Wednesday, May 26, 2010

More on Bloodprinting and Food Sensitivities

I'm really intrigued by the Bloodprinting test that I discovered after doing some research several weeks ago. I have made several inquiries and am thinking about having this test done.  Unfortunately, after a call to my insurance company this morning, it looks like I'm going to have to wait a while.

If you didn't catch an earlier post, you're probably wondering just what is this Bloodprint test. In simple terms, it's a test to determine which foods you are sensitive to. Traditionally, the way to figure out what foods are bothersome to your digestive system is to do a dreaded elimination diet. However, according to the literature that Immuno Laboratories of Florida sent me, your Bloodprint is as individual as your fingerprint.  Their testing can determine your food sensitivities (with a 95% rate of accuracy and reproducibility), and they provide an individualized computer printout of all foods that you should start eliminating from your diet.  The lab just needs a small sample of blood, and within a week, the report is back in the hands of your doctor.  I even called Immuno Laboratories to find a doctor in my area, and was excited to hear that there is a local MD that has been in practice for 23 years, went to school at Duke and University of CT and specializes in Integrative and Family Medicine.  However, the laboratory in Florida is out-of-network which means a $500 deductible, and I'm responsible for 35% of the bill which isn't cheap.  For the complete panel, 154 foods, it's approximately $1,500.

Again, if you haven't been following my interest in Bloodprinting, you're probably also wondering why.  That takes me into the topic of food sensitivities. If you're reading my blog, you're probably very familiar with food allergies. If you eat something that you are allergic to, there is an immediate, and in many cases, quite a strong even life-threatening reaction.  With food sensitivities, there is a delayed reaction that can occur hours to days after eating a reactive food.  Symptoms of food sensitivities include, but not limited to, weight gain, headaches, sinus problems, skin rashes, joint pain, depression, fatigue, indigestion and bloating.

I can eat scrambled eggs and feel nauseous an hour later.  I can drink a milk shake and feel like I gained 10 lbs. from bloating, but I tested negative to everything on the basic IgE food allergy panel.  Those are obvious, but there are other foods that I can't narrow down.  So, now I'm researching food sensitivities which brings me back to the Immuno Bloodprint IgG ELISA Food Sensitivity Assay.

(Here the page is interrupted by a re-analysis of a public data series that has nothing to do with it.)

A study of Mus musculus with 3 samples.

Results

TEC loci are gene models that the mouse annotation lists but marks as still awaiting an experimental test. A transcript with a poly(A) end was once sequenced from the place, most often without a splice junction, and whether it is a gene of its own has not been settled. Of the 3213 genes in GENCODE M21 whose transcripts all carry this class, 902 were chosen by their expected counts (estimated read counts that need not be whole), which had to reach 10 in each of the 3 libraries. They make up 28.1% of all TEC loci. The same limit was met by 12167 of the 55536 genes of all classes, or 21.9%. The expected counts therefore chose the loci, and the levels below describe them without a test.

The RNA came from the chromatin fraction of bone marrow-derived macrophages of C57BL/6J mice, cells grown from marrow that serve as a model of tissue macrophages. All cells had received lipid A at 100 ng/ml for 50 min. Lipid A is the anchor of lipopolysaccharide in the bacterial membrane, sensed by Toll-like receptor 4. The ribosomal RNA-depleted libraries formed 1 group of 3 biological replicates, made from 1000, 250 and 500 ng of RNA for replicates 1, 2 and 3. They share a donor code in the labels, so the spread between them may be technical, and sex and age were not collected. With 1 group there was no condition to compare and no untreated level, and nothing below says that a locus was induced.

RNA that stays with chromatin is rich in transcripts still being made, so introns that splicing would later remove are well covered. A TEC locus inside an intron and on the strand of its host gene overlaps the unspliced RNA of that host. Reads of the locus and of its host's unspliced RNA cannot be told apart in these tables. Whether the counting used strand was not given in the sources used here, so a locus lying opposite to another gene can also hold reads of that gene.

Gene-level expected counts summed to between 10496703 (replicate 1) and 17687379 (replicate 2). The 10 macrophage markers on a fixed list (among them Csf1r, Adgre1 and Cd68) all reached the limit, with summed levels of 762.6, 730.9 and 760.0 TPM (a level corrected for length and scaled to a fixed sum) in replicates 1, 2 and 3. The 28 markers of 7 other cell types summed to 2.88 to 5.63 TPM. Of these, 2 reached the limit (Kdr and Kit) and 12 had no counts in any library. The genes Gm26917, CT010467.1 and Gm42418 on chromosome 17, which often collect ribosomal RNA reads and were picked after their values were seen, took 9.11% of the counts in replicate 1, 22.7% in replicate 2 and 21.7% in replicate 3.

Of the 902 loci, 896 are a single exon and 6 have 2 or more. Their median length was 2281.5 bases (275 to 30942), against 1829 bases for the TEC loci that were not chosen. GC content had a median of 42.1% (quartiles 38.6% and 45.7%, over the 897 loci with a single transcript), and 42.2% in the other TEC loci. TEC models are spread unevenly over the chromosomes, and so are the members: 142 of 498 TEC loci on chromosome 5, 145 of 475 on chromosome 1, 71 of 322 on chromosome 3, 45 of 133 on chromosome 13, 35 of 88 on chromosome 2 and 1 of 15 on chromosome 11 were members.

The Immuno Laboratories literature gives a good explanation of what causes food sensitivities.  From their brochure... "Medical literature suggests that food sensitivities result when foods and their protein components are not completely digested.  When these components are absorbed by your body, your immune system does not recognize them as nutritional.  It responds protectively by producing antibodies, starting a series of reactions which can affect many tissues and organs."

The positive side of food sensitivities, according to the Immuno Lab literature, is that they are usually just temporary and typically disappear when you eliminate the specific food for 60 to 90 days.  They state that you can reintroduce the food back into your diet and prevent reoccurring food sensitivities by rotating, combining and cooking foods properly.  The individual report that comes back from the lab provides all of those preventive measures.

I'd really like to have this test done.  Or, I can start an elimination diet.  It's free, but definitely not as easy.  I've also discovered an elimination diet program that guarantees results in 21 days.  It's cheaper at around $100.  Can anybody offer up any suggestions?  I'd love to hear your comments.